Update: The keynote video is now available in iTunes, for those of you who prefer decent quality.
Even before Steve made the specs for the 3G model a matter of public record, I seriously considered going through my monstrous iPhone link collection (only about half of which is public) and pointing out the most extreme cases of fanboyism (a good deal of which came to the forefront during the past weekend).
But then I started envisioning all the “shock and awe” posts about how it is still the best thing since sliced bread despite having practically nil hardware enhancements, and decided it wasn’t worth my time. There are going to be all sorts of naff rationalizations about why the 3G model is the way it is, and believe me, most of them won’t have a clue as to why.
Of course there are a lot of people who won’t care about the flat feature curve – i.e., same camera, same pretty much everything except for a US$0.30 GPS chip and (I can’t believe people cheered this) a decent headphone jack1.
And that’s about all I can legitimately say on the matter, except for two things:
- it all makes perfect sense, in an Appley-twisty-strategy sort of way. Most people just haven’t figured it out yet, and believe me, it doesn’t take any inside information to do it – you just have to think back and remember how Apple tackled new markets over the years (not that most people remember).
- with the 2.0 firmware and Exchange support, it now makes perfect sense for me to use one on a daily basis, although I still think not building in MMS support is a faux pas of colossal proportions as far as the European market is concerned. It is just tremendously useful in a way that e-mailing photos can’t possibly match.
Update: Regarding MMS, for the naysayers – just because it isn’t immediately useful to you doesn’t mean it isn’t in (very) common use elsewhere. One of the major driving factors for its adoption has been the availability of “send as MMS” options in most modern cameraphones, and automatic or factory-set settings by mobile operators that know what they’re doing (full disclosure: I work for Vodafone Portugal – all our phones are shipped in this way, and MMS is pretty popular in my family and friend circles).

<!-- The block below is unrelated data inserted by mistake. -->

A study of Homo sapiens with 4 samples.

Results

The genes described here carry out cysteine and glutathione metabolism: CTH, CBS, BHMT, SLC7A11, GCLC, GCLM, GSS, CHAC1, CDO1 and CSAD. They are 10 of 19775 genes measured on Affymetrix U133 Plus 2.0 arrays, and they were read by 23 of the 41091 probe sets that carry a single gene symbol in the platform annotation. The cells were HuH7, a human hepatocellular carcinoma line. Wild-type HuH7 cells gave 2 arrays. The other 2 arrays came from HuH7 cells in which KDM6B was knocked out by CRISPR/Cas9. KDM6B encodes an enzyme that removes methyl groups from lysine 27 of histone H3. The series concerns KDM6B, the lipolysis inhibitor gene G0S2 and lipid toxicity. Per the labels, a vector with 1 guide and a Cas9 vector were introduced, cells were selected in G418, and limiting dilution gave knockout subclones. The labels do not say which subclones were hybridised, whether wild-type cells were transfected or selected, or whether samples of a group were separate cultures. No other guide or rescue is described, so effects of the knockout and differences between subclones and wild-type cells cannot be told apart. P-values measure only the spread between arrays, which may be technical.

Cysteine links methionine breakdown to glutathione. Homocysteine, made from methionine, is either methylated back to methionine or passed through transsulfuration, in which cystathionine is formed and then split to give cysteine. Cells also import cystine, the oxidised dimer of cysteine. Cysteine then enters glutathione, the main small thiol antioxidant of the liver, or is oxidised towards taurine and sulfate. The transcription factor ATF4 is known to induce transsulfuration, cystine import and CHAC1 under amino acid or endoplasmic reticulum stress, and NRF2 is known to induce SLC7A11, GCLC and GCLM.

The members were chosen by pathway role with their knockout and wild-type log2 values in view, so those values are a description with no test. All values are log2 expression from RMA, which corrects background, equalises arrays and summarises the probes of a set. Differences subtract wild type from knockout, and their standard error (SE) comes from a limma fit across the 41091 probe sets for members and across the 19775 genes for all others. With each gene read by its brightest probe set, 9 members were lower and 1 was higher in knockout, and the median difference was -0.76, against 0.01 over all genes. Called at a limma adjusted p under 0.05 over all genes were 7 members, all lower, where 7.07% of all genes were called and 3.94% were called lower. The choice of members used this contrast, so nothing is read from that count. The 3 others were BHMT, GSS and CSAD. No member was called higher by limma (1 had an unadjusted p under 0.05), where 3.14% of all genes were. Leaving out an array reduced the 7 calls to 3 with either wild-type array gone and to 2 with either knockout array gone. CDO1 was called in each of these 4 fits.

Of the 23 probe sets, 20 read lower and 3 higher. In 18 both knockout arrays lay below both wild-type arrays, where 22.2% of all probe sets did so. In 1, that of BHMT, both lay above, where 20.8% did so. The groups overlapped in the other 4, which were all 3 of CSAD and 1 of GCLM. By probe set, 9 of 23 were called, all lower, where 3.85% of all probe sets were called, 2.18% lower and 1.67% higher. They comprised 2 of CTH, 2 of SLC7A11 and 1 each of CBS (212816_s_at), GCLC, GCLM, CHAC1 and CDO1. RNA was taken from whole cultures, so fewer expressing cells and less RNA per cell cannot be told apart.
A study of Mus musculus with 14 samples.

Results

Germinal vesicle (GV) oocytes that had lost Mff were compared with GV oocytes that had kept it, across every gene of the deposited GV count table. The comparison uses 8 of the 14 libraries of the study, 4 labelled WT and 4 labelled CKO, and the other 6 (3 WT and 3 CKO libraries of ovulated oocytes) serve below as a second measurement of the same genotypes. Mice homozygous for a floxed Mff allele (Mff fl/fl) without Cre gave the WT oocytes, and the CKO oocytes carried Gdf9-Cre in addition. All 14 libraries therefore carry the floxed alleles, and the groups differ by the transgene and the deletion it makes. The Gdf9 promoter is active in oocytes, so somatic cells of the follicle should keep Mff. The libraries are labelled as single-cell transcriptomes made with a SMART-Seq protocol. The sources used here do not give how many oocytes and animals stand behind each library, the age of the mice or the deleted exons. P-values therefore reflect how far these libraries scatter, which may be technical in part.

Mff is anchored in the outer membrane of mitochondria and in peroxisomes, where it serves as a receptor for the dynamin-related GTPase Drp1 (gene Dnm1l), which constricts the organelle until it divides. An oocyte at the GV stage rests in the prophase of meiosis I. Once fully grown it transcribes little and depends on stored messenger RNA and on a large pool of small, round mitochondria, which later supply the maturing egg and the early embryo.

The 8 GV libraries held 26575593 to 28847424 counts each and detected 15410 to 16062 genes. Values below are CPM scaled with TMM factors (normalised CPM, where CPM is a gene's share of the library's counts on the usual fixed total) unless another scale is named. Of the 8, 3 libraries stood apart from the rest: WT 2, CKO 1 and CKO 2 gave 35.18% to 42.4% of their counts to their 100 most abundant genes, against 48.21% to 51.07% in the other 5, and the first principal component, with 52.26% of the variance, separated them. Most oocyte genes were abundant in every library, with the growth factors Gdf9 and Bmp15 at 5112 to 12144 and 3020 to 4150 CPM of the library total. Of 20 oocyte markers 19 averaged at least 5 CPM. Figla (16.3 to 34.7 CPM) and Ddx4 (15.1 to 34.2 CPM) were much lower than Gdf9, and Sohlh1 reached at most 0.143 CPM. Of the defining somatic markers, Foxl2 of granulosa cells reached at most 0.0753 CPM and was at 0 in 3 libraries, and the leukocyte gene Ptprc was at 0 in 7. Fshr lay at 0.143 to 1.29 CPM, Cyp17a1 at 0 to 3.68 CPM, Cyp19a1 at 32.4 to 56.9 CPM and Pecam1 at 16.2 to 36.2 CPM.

It’s The Price, Stupid!
But, of course, the Nokia-bashing price point is the one thing that is going to make all the difference.
At $199 maximum price, even I am going to buy one with my own money and be a “regular” user for a change. My birthday isn’t due for a few months, but an 8GB iPhone is likely to be (at least) less than half the price of an E71 (which is what I believe to be the best Nokia device for me at this point).
Now I believe they’ll sell 10 million this year. Even though it’s a drop in Nokia’s ocean, it’s going to be interesting see exactly how many they do sell.
Two more things I’d like to cover before I dip offline again3:
The SDK and Sample Apps Don’t Matter
Games. Super Monkey Ball. OK, fine. I own a “Wii”:“Wii, I know “Nintendo”“:com/Nintendo has proven that casual gaming is on the rise, I can dig the potential market share. And at $9.99 a pop, there’s some interesting revenue in there.
But one thing to keep in mind is that no matter how cool today’s apps are, they won’t be the ones making the platform. The real killer apps are the ones we don’t know about yet.
Update: Since some people didn’t quite get what I meant, allow me to rephrase: today’s SDK and demo apps are meaningless, and the real news about the SDK broke out months ago anyway. It’s pretty much obvious that what matters is the platform (there, I said it). That is what their competition needs to worry about, since only Android seems to have comparable technical glitz and new developer mindshare4.
The real news for me today is the push notification service, which means Apple is in touch with all iPhones anywhere (and maintaining persistent connections, which has interesting implications for mobile networks).
Privacy nuts are going to have a field day with this one (and XMPP nuts are going to start crawling out of the woodwork any second now saying it ought to be done their way…). Still, I’m mostly concerned by the effect on the mobile network, even though it shouldn’t be worse than push e-mail is today.
I’m also curious about other stuff regarding apps (the possibility of doing OTA downloads under 10MB and the enterprise app distribution model, which bypasses the AppStore), but those can wait until I get a device for myself or upgrade my iPod Touch (again, but for a slightly more sensible $9.99).
Just FYI, me.com redirects to Apple as of, oh, half an hour ago or so. I’m not especially thrilled by it, although I suppose it is what Apple hinted at when they told me they were improving things a few weeks back.
But there is an interesting tidbit I didn’t mention publicly yet.
You see, as part of the .Mac complaint I sent Apple a while back, I included a link to my .Mac missed opportunities post. Which, if you’ll take the time to read it in a pre-iPhone mindset, pretty much nails down all the basics – it’s only a couple of years off.
So yeah, the first thing that crossed my mind when I read the rumors about MobileMe was “finally, they get it”.
1 Some people would jump off a bridge if it had an Apple logo on it, period.
3 Despite my being on vacation this week, in between unpacking, cleaning, housekeeping, the kid building up a slight fever (and a monumental temper) following an inoculation and my having actually dozed off for a bit during the afternoon, the WWDC wasn’t that much fun – I expect that when I get decent video of it I’ll find it truly entertaining, provided I have time to watch it…
4 And please don’t go on about how Symbian or Windows Mobile have such and such number of developers or existing applications. Both of them are over the hill development-wise, and new developers want different things, including a brand new, “green fields” market where anyone can make it big.